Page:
Opinion: John Fisher couldn’t hide how he failed Oakland A’s

John Fisher came out from hiding and showed us why he never speaks in public

John Fisher is a well-known media recluse.

As a result, reading Fisher’s words for the first time since acquiring the Oakland A’s 18 years ago felt like a fever dream.

Fisher’s canned responses in a Q&A with the Las Vegas Journal Review and team-affiliated NBC Bay Area revealed why he remained hidden from the public eye. Even the most cordial media questioning reveals him to be the entitled and out-of-touch owner that many portrayed him to be.

One response to a question from NBC’s Raj Mathai — a TV interview in which Fisher oddly mandated that he not speak — was particularly revealing in light of Fisher’s attempts to relocate the A’s to Las Vegas after decades of operating an unnecessarily low-budget operation.

“Are you the right guy to be the owner of any franchise?” Mathai inquired.

“I don’t think being a franchise owner is the same as being a politician,” Fisher said.

Fisher didn’t even have to say anything on the record. He’s always seemed entitled to a gleaming new ballpark as part of a multibillion-dollar development, and he had no interest in playing the political game required to win over potential new neighbors and local officials. That entitlement almost certainly killed every new ballpark proposal the moment it arrived.

In 2005, Fisher and Lew Wolff bought a big market team led by a revolutionary baseball mind in Billy Beane, refused to invest in the team, put together haphazard ballpark proposals, and turned Oakland into a small market hellscape. And now he’s suing Vegas for a get-out-of-jail-free card.

Team president Dave Kaval cited the Raiders and Warriors leaving Oakland, as well as the 49ers leaving San Francisco, as evidence that local governments are to blame for teams leaving their homes. It’s fair to highlight the difficult obstacles that Bay Area cities face when trying to build anything. It’s also worth noting which ownership groups and presidents wielded enough clout to get the job done without a fuss.

The Warriors got a lucky break when team owner Joe Lacob received a call from a friend, Salesforce’s Marc Benioff, to sell him an unwanted plot of land in San Francisco on which Chase Center now stands. President Rick Welts successfully sued and ultimately defeated a “Mission Bay Alliance” of organized opponents, similar to the A’s foe “East Bay Stadium Alliance,” which Kaval claims killed Howard Terminal.

Since Kaval took over as president in 2016, the A’s have only pointed fingers and blamed the city and their opponents for their inability to gain the support of their future neighbors and local officials. Fisher used the interview to make flimsy claims that Oakland isn’t ready for baseball because it’s losing money, is desperate for revenue sharing checks, and plays in a rundown Coliseum with low attendance. He wants sympathy for his self-inflicted wounds.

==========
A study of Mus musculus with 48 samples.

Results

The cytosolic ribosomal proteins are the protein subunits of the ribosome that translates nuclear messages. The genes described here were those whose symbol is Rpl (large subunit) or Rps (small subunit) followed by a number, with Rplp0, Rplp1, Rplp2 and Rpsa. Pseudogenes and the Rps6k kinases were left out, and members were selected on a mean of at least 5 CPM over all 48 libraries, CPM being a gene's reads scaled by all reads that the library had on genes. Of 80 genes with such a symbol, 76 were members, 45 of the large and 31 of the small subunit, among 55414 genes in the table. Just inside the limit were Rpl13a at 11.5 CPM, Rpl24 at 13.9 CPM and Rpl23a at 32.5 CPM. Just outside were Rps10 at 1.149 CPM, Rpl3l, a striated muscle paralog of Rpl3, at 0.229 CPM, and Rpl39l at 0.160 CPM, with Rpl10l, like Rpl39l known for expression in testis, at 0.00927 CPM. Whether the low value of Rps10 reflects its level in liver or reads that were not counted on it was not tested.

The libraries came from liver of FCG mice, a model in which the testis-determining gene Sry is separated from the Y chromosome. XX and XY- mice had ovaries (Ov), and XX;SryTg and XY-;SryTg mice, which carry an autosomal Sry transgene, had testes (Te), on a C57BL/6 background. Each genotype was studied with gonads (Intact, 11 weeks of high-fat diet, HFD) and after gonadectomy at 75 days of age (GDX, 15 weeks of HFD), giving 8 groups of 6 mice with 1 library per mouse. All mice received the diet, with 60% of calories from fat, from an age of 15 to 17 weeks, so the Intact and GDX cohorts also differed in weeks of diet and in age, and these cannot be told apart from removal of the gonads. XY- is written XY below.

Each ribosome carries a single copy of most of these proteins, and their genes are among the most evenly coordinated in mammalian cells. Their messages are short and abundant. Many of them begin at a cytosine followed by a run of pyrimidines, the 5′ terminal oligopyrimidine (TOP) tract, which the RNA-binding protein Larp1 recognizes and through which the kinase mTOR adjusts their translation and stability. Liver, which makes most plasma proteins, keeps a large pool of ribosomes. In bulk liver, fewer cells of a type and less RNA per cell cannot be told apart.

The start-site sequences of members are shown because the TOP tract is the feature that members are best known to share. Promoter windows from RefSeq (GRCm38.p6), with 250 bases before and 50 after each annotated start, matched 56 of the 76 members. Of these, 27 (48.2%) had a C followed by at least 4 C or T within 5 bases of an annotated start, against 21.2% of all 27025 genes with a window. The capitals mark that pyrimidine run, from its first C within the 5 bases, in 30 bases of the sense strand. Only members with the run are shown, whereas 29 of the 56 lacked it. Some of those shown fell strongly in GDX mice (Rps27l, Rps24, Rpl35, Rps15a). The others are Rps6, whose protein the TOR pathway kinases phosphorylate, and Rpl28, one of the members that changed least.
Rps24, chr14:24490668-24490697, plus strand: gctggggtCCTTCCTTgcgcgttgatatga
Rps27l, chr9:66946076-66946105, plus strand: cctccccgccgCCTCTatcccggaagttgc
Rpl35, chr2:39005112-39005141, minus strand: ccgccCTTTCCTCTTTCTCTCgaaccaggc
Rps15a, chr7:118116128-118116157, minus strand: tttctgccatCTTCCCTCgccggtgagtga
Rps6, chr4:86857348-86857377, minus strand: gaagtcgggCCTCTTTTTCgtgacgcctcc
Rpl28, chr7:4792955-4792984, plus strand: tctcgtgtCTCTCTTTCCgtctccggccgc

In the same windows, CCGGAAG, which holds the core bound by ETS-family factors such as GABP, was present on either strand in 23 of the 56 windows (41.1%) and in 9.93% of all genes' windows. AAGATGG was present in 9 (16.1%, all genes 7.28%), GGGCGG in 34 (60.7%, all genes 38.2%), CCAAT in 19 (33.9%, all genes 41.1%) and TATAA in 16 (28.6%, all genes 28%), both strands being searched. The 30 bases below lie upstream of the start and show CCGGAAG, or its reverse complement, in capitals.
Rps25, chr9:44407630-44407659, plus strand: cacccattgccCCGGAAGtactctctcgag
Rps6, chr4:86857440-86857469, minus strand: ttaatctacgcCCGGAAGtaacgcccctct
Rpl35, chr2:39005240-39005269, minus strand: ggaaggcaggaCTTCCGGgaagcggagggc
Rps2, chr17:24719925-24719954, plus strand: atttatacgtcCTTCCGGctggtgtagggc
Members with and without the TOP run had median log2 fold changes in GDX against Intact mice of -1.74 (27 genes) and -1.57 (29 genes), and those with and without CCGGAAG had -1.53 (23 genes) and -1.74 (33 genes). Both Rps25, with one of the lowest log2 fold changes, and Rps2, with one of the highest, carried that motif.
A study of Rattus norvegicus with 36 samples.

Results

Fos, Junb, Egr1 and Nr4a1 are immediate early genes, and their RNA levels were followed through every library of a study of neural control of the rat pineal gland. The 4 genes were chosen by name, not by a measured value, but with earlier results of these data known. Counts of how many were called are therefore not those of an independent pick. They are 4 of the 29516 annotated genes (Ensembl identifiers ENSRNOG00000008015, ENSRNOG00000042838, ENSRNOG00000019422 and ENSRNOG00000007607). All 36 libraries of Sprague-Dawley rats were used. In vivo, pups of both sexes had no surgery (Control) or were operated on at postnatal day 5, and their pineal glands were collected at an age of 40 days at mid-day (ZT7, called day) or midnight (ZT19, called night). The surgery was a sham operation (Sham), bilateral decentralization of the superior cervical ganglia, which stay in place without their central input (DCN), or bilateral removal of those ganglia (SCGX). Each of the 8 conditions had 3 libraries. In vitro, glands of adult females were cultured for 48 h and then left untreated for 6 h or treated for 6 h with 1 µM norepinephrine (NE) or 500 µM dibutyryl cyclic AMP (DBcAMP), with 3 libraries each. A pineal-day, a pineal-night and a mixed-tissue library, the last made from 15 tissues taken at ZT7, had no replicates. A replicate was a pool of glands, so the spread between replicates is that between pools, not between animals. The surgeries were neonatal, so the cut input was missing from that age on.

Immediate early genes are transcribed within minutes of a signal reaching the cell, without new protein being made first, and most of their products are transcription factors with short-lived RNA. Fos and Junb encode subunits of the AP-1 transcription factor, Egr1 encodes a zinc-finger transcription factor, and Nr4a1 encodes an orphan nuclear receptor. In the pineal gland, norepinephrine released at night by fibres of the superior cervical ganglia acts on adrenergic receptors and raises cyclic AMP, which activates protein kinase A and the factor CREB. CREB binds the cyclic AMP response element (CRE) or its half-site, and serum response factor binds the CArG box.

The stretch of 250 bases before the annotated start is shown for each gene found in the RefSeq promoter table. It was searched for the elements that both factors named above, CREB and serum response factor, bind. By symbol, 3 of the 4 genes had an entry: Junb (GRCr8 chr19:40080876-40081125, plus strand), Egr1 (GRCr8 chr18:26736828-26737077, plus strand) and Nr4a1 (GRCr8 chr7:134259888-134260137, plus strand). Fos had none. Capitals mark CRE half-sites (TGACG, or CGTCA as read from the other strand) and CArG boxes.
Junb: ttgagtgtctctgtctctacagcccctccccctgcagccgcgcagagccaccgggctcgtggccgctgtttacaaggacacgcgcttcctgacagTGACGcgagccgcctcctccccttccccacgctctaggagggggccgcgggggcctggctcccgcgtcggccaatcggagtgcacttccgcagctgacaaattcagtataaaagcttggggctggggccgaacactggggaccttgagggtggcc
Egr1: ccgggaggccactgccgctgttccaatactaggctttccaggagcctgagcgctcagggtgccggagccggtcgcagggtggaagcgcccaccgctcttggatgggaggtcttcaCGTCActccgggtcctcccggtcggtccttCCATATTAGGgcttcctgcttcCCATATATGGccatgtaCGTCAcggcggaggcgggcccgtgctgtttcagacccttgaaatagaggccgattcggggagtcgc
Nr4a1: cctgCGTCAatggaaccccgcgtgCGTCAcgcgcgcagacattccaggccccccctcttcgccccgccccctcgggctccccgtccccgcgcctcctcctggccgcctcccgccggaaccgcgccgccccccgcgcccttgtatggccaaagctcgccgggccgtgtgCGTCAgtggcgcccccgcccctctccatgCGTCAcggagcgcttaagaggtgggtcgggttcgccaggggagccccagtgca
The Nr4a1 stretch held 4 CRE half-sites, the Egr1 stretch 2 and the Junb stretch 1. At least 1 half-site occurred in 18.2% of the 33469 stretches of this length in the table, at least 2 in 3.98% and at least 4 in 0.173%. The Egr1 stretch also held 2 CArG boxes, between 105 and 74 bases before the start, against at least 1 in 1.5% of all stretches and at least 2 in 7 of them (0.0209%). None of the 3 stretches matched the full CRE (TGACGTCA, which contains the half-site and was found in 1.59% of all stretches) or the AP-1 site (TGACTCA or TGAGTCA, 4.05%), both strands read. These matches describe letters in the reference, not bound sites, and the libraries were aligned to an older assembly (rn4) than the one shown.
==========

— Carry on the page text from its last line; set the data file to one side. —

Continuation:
The A’s failed to persuade Peralta board members to support a proposed Laney College site, effectively killing it. They were defeated by lawsuits and public battles with local officials at Howard Terminal. According to minutes from the 1990 owners meetings obtained by the San Francisco Chronicle, the Giants’ territorial rights in San Jose were contingent on the Giants building a ballpark there. Why didn’t Fisher, who has a Master’s degree from Stanford Business School, consider this if he was serious about building a ballpark?

Fisher emerged from his cave with a plan: to spruce up their pitch to MLB’s relocation committee and the public that Oakland is no longer worth his money or time, and he’ll open up the bountiful Fisher Family trust for a real baseball town like Las Vegas.

Then Fisher’s credibility was shattered by a few careless questions. In both lengthy interviews, the San Francisco native spoke more about the Giants than the A’s.

“I started going to baseball games before I can even remember because my grandparents were huge San Francisco Giants fans,” he explained to the Las Vegas Journal Review. “They would take my brothers and me to the games, but I have to admit I preferred the cotton candy and Red Vines licorice to the games.”

Not only does he admit to not liking baseball, but he is blissfully unaware that the Giants’ love fest does not go down well in A’s territory. Oaklanders feel the most “little brother’d” by San Franciscans.

Fisher has been the A’s little brother for the last 18 years, and he is so disconnected from the team he owns that he isn’t even aware of it. We now understand why he never speaks.